The Win32 platform build works fine. On the opposite, the x64 build crashes very quickly at application startup.
 
After laborious debugging, I observe that the creation of a global-scope object in the native library raises a heap corruption assertion (upon "dynamic initializer" invocation).
 
The code of the object constructor is not the cause.
 
What can I do ?
Posted 22-Dec-12 13:26pm
Comments
Sergey Alexandrovich Kryukov at 22-Dec-12 20:07pm
   
It sounds like a real problem, maybe a difficult one, but I don't think your information would be enough to tell anything...
—SA
YvesDaoust at 25-Dec-12 4:50am
   
I wonder what extra information I could provide.
 
I tried to reproduce this in a toy project, to no avail. I have other application projects using the same library, that seem to work fine. The application that crashes is a much bigger one, but identical settings are used.
YvesDaoust at 27-Dec-12 5:47am
   
The situation has worsened a little: I have moved my global variables as static inside functions (that was relevant in my case). Now the Debug version does not crash anymore and the Release one still crashes, and does never trap into the debugger. So there is even less that I can investigate.
YvesDaoust at 27-Dec-12 6:25am
   
Ooops, wrong, after a full rebuild it seems to work.

It is possible, perhaps even likely, that some code that runs before the code that you found is what is causing the problem. That code overwrites the heap and then when your code runs it becomes corrupted due to the previous error.
YvesDaoust at 25-Dec-12 4:34am
   
Yes, this is frequent. Impossible to trace as this is in system code and not trapped by the debugger.
jschell at 26-Dec-12 13:43pm
   
The debugger can't trap something that isn't a problem. Until it reaches the problem area it isn't a problem.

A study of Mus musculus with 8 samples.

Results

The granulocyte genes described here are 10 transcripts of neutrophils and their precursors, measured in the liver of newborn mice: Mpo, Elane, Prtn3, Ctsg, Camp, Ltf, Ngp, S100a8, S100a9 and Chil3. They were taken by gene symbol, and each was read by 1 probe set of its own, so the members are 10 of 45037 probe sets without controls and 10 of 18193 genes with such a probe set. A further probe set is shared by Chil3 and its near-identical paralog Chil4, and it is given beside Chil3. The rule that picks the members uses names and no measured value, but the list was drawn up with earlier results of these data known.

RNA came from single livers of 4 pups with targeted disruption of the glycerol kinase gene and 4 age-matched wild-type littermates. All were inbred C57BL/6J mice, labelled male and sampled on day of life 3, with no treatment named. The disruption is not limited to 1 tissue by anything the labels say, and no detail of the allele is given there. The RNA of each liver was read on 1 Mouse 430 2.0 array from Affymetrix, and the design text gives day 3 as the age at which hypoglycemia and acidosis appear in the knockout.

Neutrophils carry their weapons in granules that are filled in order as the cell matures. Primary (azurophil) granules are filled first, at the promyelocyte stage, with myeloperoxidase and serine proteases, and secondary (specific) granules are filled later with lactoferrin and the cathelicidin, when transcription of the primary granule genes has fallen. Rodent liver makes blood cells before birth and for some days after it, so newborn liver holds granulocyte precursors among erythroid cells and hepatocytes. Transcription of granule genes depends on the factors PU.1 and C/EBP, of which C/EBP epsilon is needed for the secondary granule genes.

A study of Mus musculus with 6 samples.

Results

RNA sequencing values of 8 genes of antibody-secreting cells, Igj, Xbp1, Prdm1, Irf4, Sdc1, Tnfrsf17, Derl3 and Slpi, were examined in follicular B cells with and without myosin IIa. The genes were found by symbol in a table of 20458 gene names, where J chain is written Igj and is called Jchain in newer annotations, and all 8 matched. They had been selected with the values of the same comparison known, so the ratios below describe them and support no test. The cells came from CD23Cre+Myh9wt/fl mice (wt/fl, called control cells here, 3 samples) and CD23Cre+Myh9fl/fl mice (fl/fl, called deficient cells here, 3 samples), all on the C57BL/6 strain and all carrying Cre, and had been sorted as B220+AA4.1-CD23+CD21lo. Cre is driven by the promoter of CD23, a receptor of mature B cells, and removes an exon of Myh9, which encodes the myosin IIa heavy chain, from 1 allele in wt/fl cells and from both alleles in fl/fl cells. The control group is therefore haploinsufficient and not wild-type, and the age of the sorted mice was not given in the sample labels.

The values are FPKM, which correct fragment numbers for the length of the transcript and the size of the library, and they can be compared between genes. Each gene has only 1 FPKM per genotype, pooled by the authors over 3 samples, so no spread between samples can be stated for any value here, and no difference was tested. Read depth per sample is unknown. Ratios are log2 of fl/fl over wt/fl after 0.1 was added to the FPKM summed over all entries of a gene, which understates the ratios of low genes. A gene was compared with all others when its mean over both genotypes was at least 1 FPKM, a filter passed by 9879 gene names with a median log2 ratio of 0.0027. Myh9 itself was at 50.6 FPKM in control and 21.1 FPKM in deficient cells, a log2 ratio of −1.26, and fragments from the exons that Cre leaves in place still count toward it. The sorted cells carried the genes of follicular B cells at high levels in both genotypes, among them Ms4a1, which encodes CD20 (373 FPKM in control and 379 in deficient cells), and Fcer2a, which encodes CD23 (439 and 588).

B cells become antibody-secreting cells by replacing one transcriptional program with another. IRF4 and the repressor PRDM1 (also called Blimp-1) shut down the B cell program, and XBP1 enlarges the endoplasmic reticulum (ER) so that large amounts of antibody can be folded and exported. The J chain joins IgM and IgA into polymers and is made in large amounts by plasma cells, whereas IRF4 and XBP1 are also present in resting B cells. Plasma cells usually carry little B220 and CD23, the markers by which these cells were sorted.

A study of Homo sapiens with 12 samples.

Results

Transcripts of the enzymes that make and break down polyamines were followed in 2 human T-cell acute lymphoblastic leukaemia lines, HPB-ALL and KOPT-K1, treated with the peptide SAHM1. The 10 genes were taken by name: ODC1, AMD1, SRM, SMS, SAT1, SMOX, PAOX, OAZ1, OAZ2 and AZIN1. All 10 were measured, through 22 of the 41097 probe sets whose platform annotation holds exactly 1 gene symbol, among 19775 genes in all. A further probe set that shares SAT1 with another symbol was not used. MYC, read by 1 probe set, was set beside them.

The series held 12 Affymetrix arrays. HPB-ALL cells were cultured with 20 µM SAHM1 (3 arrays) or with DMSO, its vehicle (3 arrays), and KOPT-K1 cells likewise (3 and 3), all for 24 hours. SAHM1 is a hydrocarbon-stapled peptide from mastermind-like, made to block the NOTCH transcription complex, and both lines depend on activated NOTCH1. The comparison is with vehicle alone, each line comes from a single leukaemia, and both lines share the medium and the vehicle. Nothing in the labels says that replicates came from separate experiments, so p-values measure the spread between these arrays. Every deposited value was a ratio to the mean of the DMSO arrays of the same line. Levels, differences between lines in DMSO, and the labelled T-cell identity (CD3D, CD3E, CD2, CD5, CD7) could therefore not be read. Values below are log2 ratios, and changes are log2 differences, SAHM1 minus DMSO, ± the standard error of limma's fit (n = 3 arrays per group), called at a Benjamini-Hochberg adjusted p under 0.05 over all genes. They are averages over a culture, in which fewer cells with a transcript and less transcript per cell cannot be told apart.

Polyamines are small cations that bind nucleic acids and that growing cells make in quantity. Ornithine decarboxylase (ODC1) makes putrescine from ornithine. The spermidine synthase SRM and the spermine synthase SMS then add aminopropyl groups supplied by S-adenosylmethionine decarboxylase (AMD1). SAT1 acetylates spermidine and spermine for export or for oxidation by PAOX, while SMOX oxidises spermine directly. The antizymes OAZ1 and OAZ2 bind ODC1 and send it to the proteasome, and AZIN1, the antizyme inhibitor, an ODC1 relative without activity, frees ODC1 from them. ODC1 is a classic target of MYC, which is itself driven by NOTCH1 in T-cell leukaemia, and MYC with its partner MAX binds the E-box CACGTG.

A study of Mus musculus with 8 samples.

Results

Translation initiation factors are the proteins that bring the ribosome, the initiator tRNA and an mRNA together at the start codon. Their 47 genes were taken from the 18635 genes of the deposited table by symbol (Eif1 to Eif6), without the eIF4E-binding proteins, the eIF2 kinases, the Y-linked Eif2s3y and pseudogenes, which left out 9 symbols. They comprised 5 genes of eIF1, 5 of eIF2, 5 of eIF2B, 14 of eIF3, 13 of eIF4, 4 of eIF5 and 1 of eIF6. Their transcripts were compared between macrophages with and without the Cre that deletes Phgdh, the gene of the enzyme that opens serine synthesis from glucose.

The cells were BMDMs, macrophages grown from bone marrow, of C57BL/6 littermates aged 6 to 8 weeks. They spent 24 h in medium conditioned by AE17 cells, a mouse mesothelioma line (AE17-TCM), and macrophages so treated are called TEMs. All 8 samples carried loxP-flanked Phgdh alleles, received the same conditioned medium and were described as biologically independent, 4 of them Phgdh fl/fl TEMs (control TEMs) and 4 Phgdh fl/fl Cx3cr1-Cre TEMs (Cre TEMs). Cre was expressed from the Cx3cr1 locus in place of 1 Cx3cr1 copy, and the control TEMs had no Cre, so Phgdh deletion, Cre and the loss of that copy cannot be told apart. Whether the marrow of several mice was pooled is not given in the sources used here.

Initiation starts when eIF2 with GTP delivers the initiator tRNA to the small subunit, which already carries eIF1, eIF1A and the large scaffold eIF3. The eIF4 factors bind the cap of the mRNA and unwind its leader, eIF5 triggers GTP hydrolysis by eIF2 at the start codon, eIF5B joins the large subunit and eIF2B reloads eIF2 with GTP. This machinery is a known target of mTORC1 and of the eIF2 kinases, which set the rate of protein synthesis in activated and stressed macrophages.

Your other apps work because you are using the library differently and/or the execution path is different.
 
There are libraries that you can use with C++ that allow you to more easily find pointer problems however manual inspection is still your friend (noting again that the problem is caused by code other than that where the exception occurs.)
YvesDaoust at 27-Dec-12 5:56am
   
I don't believe that the problem lies directly in my code. It occurs in an early stage of application loading. Only trivial constructors are called for a few static class instances (mere intialization of data members, if initialization at all). No heap allocation on my side (no malloc, no new, no pointer dereference).

It might be that I have solved the issue just by moving the global static variable declarations inside functions.
 
The problem has apparently disappeared. Hope it is not just because the new memory layout better hides some erratic memory reference...

Be careful of system exceptions that disappear by inexplicable code changes.
 
Those sorts of code changes modify the execution path - which by its very nature can make the system exception fail to appear WITHOUT fixing the problem.